Friday, December 8, 2017

PennDOT Completes Marked Bicycle Lanes on Three Routes in Southeastern Pennsylvania


In its ongoing effort to enhance the bicycle experience across the state, the Pennsylvania Department of Transportation (PennDOT) has completed new bicycle lanes on three suburban state highways in the Philadelphia region, PennDOT Secretary Leslie S. Richards said today.

The pilot program will help determine long-term maintenance cost data for such bicycle facilities which, along with the Wolf Administration’s PennDOT Connects initiative to reach out to communities and partners earlier in project planning, will help evaluate bicycle accommodations where planning efforts indicate such needs.


“This initiative reflects our new PennDOT Connects program, which we’re using to reach out more to our communities and partners and considering many viewpoints right from the start of planning for transportation projects,” Richards said, joining other officials at an event at the Thorndale commuter rail station. “While maintaining the highway and bridge networks is a crucial part of our mission, it is not the only part. We want to consider and enhance the other modes, be it commuter rail, served by this station here, other forms of public transit and those who chose to bicycle or walk.”

The locations are:
  • In Chester County, two miles along Business. U.S. 30 (Lincoln Highway) between Diamond Street at the City of Coatesville/Caln Township line and Hazelwood Road (at SEPTA’s Thorndale Train Station) in Caln Township. The new bicycle lanes tie into the existing bicycle lanes that have been in place on Business U.S. 30 starting at the Diamond Street intersection and proceeding west to 2nd Avenue in Coatesville.

  • In Delaware County, about 2.2 miles along Route 320 (Sproul Road/Chester Road) between Route 420 (Woodland Avenue) in Springfield Township and College Avenue in Swarthmore Borough, Delaware County.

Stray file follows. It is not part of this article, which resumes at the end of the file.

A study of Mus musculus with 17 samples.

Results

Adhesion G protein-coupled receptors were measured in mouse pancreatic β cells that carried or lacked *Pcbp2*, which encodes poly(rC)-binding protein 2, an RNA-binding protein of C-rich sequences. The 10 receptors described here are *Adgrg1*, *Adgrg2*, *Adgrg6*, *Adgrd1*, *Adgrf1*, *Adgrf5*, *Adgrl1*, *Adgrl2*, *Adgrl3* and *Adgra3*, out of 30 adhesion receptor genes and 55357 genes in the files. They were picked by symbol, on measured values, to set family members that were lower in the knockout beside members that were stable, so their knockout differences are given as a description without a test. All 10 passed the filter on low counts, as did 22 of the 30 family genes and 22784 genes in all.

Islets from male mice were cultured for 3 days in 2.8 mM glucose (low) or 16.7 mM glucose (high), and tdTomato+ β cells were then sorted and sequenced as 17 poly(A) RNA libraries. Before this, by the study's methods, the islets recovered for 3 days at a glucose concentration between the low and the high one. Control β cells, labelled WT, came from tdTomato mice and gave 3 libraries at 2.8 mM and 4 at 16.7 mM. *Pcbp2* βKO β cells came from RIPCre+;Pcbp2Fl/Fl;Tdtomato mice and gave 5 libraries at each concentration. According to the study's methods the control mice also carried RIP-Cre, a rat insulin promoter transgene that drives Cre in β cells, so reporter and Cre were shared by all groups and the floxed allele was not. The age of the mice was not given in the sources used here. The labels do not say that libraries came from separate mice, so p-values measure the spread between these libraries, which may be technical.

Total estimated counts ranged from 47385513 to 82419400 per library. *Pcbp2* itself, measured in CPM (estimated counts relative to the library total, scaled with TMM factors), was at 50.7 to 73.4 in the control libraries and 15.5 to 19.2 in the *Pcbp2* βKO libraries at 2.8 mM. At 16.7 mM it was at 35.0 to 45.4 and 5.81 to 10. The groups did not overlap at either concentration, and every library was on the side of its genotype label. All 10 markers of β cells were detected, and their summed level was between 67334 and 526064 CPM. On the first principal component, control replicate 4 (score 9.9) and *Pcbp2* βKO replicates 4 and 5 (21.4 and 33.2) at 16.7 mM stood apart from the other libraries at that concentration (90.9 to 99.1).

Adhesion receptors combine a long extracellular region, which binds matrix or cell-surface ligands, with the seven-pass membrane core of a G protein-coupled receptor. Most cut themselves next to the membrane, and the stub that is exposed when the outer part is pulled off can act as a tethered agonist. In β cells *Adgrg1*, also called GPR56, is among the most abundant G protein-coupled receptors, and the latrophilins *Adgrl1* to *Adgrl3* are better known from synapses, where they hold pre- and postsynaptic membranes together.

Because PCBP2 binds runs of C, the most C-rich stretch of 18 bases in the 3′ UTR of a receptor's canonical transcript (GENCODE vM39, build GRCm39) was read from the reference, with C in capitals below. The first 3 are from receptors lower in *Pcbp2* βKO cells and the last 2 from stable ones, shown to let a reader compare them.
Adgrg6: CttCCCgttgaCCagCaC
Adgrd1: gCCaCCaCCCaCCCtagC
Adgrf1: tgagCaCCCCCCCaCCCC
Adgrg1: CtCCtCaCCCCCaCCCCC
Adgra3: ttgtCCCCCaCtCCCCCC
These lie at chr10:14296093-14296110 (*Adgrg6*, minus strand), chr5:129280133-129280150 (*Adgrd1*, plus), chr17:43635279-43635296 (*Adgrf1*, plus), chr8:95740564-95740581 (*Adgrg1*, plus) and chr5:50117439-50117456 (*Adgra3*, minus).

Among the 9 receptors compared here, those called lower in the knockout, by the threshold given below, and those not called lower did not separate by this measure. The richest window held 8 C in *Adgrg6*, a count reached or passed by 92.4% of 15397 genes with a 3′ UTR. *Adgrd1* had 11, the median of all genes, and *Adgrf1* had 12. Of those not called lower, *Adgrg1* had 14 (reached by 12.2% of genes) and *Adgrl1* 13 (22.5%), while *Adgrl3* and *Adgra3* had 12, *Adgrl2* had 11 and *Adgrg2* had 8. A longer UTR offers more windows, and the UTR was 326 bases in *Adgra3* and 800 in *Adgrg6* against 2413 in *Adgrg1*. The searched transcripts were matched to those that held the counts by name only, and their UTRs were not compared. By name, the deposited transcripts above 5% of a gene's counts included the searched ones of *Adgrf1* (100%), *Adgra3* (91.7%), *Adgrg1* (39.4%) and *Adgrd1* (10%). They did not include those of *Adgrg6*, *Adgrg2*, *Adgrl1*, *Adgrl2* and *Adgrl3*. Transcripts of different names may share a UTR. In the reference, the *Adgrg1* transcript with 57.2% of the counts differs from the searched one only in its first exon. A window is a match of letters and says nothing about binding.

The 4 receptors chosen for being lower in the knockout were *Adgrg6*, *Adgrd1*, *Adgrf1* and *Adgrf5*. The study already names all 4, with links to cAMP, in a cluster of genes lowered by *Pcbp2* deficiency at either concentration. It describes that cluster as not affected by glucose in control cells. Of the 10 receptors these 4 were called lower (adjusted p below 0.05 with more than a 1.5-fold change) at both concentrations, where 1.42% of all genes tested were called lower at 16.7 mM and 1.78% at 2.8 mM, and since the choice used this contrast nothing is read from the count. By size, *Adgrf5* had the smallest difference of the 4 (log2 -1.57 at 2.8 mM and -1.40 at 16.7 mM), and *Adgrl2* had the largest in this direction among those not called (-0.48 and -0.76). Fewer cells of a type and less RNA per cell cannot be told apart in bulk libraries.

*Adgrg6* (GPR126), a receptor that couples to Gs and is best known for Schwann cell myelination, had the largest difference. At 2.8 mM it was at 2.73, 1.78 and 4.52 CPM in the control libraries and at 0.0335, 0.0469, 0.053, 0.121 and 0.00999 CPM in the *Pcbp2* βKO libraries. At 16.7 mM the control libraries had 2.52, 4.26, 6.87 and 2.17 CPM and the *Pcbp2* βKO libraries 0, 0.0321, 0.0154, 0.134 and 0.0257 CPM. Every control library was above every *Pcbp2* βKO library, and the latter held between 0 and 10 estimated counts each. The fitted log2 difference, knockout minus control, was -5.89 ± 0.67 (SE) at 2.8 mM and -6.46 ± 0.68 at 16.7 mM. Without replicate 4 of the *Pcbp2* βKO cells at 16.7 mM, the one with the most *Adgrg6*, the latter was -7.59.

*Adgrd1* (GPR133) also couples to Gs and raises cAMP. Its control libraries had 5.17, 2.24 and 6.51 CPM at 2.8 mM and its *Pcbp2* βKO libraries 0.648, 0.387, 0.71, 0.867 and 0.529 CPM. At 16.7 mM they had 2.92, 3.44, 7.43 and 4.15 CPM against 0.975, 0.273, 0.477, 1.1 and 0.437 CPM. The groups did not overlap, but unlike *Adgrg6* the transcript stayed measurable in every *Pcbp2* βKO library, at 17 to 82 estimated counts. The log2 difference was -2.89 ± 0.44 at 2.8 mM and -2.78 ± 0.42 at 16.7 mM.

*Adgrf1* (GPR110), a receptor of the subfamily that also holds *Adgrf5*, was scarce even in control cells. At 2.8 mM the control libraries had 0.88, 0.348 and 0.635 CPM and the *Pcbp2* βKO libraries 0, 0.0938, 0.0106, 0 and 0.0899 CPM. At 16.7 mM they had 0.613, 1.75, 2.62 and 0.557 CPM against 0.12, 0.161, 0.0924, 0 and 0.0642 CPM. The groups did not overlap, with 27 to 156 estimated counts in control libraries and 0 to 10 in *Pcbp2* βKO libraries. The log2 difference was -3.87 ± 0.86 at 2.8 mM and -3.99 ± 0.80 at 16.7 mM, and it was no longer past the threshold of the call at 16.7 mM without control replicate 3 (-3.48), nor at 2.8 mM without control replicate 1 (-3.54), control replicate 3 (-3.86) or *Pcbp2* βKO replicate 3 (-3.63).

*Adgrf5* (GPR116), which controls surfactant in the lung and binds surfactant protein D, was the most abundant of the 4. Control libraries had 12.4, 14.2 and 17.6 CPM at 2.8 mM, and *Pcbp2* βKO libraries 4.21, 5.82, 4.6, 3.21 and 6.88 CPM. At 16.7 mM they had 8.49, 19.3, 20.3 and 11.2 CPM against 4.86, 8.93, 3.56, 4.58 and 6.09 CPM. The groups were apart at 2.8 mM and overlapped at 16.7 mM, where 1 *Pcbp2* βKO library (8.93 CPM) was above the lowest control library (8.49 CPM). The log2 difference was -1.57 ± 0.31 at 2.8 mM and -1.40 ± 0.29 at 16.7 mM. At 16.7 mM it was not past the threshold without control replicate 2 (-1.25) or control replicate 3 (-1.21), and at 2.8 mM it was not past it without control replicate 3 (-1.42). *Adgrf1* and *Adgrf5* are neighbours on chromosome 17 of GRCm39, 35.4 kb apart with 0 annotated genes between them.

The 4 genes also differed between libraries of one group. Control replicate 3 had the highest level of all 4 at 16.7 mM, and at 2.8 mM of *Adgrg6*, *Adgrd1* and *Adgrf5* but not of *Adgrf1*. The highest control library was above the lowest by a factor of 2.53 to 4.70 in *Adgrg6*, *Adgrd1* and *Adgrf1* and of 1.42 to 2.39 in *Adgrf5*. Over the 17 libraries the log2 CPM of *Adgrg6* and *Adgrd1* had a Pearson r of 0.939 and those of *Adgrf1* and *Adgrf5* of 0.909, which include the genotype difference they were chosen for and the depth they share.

• In Montgomery County, about a third of a mile along Route 663 (King Street) between Route 100 and Manatawny Street in Pottstown. Route 663 was resurfaced by PennDOT this past summer and bicycle lanes were implemented as part of a road diet.


PennDOT replaced traffic lines and painted new bicycle lanes and legends on Business U.S. 30 and Route 320 under a department paving contract this fall. The operation began in October and the bicycle-lane work on both roads was recently completed. The cost estimate for installing bicycle lanes on the three state highways is $127,000.


These three state roads were chosen for the pilot program by the Southeast Pennsylvania Suburban Bike Lanes Working Group, which consists of the Bicycle Coalition of Philadelphia, PennDOT, the Delaware Valley Regional Planning Commission and the suburban county planning commissions.

As part of a series of improvements for bicyclists, PennDOT earlier this year issued a policy change removing the Bicycle Occupancy Permit from its design manual. Moving forward, local governments need only provide a letter of request for the proposed bicycle lane that includes the necessary information for PennDOT to appropriately evaluate the request. After a review, a letter of approval will be issued by the department. This replaces the previous requirement for a formal agreement between PennDOT and the municipality.

For more information on projects occurring or being bid this year, those made possible by or accelerated by the state transportation funding plan (Act 89), or those on the department’s Four and Twelve Year Plans, visit www.projects.penndot.gov.

Motorists can check conditions on more than 40,000 roadway miles, including color-coded winter conditions on 2,900 miles, by visiting www.511PA.com. 511PA, which is free and available 24 hours a day, provides traffic delay warnings, weather forecasts, traffic speed information, and access to more than 850 traffic cameras.

511PA is also available through a smartphone application for iPhone and Android devices, by calling 5-1-1, or by following regional twitter alerts accessible on the 511PA website.

For more PennDOT information, visit www.penndot.gov. Follow Local PennDOT Information on Twitter at www.twitter.com/511PAPhillyand follow the department on Facebook at www.facebook.com/pennsylvaniadepartmentoftransportation and Instagram at www.instagram.com/pennsylvaniadot.